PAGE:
Bruce McNall implied in Steve Springer's Feb. 28 article that the new King owners don't understand the entertainment business because, with all due respect, they are just real estate developers.
Bruce, neither are the new owners coin-smuggling, college education-falsifying, investor-deceiving, bank-frauding, convicted felons who have turned in more than a dozen underlings while trying to delay sentencing.
Take some responsibility, McFraud. You betrayed and disgraced a team, an organization, a city and an entire sport, with all due respect.
Last night I tried to explain to my 8-year-old daughter why Wayne Gretzky is no longer a King. For longer than she can remember we've watched King hockey together. Wayne is her favorite player: "He dances on his skates."
At first I stumbled, mumbling about bad timing, bad trades and inevitability. Then I remembered my vow to never lie to her. I explained that Wayne didn't have too many years left to play hockey, that while he had won a great deal in the past, winning again seemed most important to him, and apparently, no matter how hard the Kings tried, he didn't feel they could win enough (the little engine that couldn't). So, I told her, he found new people to play with.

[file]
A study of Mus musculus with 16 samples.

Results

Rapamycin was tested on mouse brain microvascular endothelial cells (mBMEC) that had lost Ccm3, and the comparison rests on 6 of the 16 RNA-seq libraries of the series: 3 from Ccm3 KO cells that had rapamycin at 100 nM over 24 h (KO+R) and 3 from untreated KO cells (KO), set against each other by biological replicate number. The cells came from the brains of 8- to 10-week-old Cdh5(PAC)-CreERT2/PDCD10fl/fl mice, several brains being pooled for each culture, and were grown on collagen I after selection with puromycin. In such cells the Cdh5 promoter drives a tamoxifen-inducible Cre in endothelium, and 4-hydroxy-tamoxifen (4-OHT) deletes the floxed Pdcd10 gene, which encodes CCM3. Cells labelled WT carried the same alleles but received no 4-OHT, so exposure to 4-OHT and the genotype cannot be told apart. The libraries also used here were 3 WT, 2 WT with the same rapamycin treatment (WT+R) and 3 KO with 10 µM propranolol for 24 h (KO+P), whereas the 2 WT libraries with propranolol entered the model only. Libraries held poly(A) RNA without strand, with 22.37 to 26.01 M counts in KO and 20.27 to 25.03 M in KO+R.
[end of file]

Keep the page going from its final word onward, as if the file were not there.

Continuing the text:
She looked at me for a moment.
"I hope he's happy now," she said.
"Me too," I replied.
When I read Sunday's story on the Kings' victory Saturday night, I was thunderstruck at the negative bias of the reporters. I even wonder if they were at the Forum watching the game.
Anyone who has watched the Kings over the last few years would have noticed the Kings' heightened level of intensity. There was no mention of the two Kings' goals that were not allowed. And it was the most enthusiastic crowd at the Forum in the last two years.
It's sad to see that the current vogue in journalism of negative reporting has now permeated the sports section. Perhaps your reporters should go to work for one of the Republican candidates.